What Should I Do If My Spotify Account Was Hacked
The popular Swedish music, podcast, and video streaming service has about 40 million paying subscribers and over 100 million total users who use it to play music directly from the cloud. As Spotify becomes more and more popular , no wonder, hackers are trying to hijack user’s premium accounts.
If you suspect your Spotify account has been hacked, but still have access to your account, do the following:
Change Your Password and End All Current Sessions
Go to https://www.spotify.com/us/account/change-password/ and change your password.
Choose a complex password, with lower case letters, upper case letters and digits. If possible, add special characters like hash or exclamation point. Make sure it is at least 8 characters long. It is best not to pick dictionary words.
Verify Your Profile Settings Have Not Changed
Go to https://www.spotify.com/us/account/profile/ and go over your profile details. Make sure nothing has changed. If settings have been changed, it is a further indication that your profile has been accessed by a hacker.
Give special attention to your E-mail address. Hackers may attempt to change this address, as it may allow them to retrieve your password even after it has been reset.
Review Suspicious Apps
Access the following page https://www.spotify.com/us/account/apps/ and review which apps have access to your account. If you see an app you are not familiar with, click “Revoke Access” to ensure it cannot be used unless its user will go through the login screen again.
Sign Out of Everywhere
Go to https://www.spotify.com/us/account/overview/ and scroll down until you find the “Sign out Everywhere” button. Click it.
This will sign out all active sessions that are currently logged into your account. This way, if a hacker is currently logged into your account on Spotify, he will be kicked out (and hopefully, as the password has been changed, will not be able to re-access it).
Check Your Other Accounts
If you are re-using your password in other websites, such as Gmail or iCloud – change the passwords on these services immediately. Make sure you are still able to log into these services. Attackers often take advantage of users’ tendency to re-use password (an ill-advised but common practice) to gain access to additional accounts of the victim!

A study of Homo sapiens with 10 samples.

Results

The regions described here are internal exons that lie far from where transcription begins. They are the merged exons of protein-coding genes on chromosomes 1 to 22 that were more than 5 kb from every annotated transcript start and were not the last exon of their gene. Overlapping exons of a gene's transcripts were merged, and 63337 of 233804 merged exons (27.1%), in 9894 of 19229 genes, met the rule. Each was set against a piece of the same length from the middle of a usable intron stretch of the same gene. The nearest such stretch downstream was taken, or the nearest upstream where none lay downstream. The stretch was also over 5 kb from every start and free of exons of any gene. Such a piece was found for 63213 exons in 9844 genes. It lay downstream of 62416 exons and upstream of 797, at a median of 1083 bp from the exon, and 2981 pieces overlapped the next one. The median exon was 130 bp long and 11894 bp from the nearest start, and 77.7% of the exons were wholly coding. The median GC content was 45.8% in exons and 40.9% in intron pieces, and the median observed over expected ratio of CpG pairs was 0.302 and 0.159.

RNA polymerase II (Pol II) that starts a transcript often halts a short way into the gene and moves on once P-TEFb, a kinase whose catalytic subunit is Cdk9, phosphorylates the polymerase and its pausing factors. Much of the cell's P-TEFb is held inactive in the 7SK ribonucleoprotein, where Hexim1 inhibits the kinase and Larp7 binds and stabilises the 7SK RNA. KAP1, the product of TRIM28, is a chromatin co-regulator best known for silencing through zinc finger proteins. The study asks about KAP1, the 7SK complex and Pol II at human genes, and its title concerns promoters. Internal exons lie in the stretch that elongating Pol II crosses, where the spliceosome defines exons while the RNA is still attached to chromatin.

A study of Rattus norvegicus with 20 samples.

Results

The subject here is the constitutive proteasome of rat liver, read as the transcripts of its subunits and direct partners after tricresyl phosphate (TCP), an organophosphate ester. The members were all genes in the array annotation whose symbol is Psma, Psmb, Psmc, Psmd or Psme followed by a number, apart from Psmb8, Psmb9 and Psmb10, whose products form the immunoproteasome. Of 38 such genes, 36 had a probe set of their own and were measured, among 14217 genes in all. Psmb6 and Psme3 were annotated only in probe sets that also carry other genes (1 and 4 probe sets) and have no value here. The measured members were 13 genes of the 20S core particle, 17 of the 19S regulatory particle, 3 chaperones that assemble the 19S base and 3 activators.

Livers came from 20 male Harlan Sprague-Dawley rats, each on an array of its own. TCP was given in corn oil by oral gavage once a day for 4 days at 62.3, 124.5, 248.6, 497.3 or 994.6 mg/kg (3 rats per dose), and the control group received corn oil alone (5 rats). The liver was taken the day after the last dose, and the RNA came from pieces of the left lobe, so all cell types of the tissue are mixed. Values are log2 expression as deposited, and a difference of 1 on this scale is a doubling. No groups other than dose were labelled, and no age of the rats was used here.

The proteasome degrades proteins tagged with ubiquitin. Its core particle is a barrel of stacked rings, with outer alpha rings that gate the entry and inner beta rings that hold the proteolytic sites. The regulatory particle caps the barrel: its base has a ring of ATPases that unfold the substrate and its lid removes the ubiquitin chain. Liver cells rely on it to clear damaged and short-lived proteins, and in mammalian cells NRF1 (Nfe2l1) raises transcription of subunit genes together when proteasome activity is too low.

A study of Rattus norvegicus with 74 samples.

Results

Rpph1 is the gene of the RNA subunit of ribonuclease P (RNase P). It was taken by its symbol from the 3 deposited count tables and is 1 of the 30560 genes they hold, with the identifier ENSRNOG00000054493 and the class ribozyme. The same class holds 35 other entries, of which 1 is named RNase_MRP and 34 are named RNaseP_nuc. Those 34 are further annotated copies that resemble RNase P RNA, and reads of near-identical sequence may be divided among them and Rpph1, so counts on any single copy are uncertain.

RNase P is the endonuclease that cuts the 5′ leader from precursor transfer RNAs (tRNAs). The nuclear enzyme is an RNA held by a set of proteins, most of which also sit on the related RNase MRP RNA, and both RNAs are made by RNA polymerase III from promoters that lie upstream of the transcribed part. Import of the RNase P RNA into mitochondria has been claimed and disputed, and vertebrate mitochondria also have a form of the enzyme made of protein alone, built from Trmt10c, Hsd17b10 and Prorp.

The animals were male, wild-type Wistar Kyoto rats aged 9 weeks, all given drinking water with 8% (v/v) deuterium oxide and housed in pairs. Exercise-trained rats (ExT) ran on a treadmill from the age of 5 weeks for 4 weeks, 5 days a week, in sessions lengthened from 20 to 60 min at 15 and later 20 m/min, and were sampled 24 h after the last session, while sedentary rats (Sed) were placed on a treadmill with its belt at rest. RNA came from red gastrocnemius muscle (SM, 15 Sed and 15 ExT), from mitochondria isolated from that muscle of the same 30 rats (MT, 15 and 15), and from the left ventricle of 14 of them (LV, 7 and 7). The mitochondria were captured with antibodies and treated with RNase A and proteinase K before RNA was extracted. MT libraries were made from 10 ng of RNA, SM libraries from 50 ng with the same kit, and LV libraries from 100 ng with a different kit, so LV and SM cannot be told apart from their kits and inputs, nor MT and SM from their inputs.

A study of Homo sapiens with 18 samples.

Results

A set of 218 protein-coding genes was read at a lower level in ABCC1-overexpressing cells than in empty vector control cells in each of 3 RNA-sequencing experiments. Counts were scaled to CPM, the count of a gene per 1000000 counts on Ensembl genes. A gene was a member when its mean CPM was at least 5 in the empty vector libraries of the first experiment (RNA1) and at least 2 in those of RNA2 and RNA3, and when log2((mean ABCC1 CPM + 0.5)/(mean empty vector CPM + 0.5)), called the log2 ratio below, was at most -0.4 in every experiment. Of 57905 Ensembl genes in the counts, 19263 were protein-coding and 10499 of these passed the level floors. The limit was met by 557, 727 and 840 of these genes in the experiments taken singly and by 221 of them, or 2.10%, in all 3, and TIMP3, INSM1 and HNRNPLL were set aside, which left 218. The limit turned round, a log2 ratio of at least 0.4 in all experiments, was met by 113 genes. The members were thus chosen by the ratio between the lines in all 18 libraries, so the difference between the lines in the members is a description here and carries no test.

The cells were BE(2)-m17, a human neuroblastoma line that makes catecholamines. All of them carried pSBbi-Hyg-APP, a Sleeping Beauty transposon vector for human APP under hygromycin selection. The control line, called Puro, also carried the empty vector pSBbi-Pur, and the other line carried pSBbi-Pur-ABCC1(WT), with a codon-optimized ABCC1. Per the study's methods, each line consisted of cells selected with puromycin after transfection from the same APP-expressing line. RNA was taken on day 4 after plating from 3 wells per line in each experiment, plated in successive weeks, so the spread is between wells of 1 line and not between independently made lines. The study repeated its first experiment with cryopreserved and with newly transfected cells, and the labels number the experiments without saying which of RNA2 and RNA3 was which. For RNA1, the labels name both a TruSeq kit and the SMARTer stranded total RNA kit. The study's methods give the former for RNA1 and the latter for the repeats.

Run an Anti-Virus on your Computer
Many times attackers gain their victims’ passwords using Trojan horses that were installed on the victims’ computers. If your machine is infected, changing the password will not help, as the malware will capture the new password and send it to the hacker. While there is no guarantee that an anti-virus software will be able to identify a malware (if one even exists), it is best to cover as many bases as possible.
If you are unable to access your account and you believe this is the result of a hacker, do the following:
Check Your Other Accounts
So, was my Gmail account hacked along with my other e-mail accounts? Has my Facebook account been hacked? Make sure that you still have access to the E-mail account associated with your Spotify account. If you are using the same password, change it as soon as possible. Do so to any other online account that shares the same password as your Spotify account.
If you are unable to access your E-mail address as well you may try to recover it. Check out our guides for Gmail and Yahoo.
Contact Spotify Customer Service
Contact Spotify Customer Service. You can contact Spotify at https://support.spotify.com/us/contact-spotify-anonymous/ and report the issue. They should be able to help out in unlocking your account.
Get Log Dog
As your various accounts may now be at a higher risk of getting compromised, download and install LogDog for iOS or Android. Log Dog is a mobile Intrusion Detection System which monitors your online accounts, including Gmail, Yahoo, Evernote, and many others. It alerts you immediately when something is suspicious and allows you to act in order to keep intruders out.
The service can be used across all devices and OS’s, so you’re always being protected.